There are many problems that waterways can face if they do not have proper circulation. One of the most common is thermal stratification, where your lake separates into layers of water, each with a different temperature. This is most common during the summer when the hot air and extended sunlight warms your lake’s surface. Meanwhile, the bottom of your lake remains untouched by the sun and is noticeably cooler. Additionally, the cooler regions have less circulation, which means there is not enough oxygen. In other words, this area can become toxic to fish. A third, middle region often separates these two layers. This acts as a barrier that prevents the warm and cold air from mixing. Aerators are machines that circulate the water in your lake or pond. The surface and submersed diffused aerators are the primary ways that people aerate their bodies of water.
Surface aerators operate at the top of your lake and circulate the surface water. The machine has a pump that takes in water from the uppermost strata and spits it out and away from the unit. They are similar to fountains, except their primary focus is on circulating water rather than offering an esthetic appeal.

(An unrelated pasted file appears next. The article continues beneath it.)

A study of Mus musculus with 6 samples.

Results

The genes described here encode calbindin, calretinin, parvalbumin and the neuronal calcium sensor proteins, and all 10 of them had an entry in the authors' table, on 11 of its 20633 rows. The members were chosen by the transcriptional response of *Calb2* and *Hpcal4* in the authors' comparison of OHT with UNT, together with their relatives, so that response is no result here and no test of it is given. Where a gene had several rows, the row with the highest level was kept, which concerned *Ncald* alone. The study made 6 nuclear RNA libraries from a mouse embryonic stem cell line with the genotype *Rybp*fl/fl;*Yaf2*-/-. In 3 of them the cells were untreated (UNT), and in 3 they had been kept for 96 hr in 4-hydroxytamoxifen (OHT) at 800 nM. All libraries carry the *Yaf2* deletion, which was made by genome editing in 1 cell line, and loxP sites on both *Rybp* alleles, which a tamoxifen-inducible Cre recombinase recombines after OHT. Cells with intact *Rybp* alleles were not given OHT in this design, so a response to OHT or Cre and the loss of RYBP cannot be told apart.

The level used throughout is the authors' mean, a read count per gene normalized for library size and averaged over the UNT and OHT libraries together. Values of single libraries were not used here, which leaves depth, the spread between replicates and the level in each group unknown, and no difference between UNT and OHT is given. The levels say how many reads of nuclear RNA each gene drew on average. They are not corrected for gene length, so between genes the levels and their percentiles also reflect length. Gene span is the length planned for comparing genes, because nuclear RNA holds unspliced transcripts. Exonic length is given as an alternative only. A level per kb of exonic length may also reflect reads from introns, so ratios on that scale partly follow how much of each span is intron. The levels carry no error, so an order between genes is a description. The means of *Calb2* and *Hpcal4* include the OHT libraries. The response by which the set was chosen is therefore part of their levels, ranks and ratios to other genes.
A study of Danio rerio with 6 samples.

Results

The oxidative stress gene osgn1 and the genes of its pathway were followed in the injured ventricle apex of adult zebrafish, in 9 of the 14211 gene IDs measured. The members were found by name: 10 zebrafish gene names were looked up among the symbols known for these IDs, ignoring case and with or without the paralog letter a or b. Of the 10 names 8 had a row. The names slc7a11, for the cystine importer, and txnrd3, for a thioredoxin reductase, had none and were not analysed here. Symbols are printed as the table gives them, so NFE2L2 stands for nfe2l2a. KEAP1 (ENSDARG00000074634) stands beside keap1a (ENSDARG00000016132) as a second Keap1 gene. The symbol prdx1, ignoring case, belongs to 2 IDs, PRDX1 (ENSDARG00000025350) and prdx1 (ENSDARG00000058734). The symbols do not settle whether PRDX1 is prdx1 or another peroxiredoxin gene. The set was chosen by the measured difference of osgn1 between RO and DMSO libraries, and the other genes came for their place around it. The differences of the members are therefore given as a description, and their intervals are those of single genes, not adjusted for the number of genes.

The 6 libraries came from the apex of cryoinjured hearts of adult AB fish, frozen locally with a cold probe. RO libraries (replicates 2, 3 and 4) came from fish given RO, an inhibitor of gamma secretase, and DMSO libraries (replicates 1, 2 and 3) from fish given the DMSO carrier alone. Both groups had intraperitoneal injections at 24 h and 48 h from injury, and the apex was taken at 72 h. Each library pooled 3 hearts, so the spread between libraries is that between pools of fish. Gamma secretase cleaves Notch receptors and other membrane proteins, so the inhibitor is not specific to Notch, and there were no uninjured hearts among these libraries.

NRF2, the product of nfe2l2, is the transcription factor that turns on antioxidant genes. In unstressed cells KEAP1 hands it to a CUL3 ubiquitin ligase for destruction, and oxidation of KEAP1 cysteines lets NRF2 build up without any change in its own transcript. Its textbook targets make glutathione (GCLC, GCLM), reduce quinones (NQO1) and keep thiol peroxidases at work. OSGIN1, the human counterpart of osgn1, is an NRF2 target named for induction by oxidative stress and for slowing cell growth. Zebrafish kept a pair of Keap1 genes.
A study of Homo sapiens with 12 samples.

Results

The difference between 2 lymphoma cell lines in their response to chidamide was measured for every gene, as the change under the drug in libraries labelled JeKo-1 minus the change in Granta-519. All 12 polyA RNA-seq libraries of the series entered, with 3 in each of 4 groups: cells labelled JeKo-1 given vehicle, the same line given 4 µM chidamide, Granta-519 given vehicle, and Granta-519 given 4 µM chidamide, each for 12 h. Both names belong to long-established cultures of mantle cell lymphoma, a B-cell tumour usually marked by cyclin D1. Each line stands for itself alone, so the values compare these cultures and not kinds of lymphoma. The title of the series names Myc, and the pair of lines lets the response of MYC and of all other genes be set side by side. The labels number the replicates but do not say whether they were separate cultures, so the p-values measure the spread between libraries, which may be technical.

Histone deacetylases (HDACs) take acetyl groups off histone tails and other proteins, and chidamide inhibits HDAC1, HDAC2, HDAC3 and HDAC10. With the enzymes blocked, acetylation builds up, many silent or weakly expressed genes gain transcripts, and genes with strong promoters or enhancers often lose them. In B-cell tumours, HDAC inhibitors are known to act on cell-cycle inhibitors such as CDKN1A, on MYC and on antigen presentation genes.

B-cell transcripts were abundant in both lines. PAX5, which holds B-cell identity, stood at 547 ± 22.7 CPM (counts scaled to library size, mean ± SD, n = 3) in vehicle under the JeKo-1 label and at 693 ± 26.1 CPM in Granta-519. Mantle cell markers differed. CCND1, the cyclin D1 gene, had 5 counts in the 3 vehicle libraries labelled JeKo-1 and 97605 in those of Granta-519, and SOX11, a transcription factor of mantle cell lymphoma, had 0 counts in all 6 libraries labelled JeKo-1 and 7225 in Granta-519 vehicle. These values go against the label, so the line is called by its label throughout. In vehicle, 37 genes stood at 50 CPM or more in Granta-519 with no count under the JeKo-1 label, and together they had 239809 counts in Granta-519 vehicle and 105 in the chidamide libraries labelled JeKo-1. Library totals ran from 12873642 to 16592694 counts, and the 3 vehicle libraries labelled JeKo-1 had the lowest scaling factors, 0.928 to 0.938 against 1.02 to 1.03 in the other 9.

Submersed Diffused Aerators
Submersed diffused aerators are located at the bottom of a pond and perform lake aeration by sucking in air from the surface and dispersing it at the bottom in tiny bubbles. The result is that these bubbles bring oxygen into the water, which is then pushed away from the device. Typically, these bubbles rise to the top, so more water gets circulated than with surface aerators. Additionally, submersed diffused aerators are available as whole-lake systems.
These are the two primary ways to aerate your lake or pond. These both provide oxygen and circulation to your water, which offers many benefits, such as prevent thermal stratification.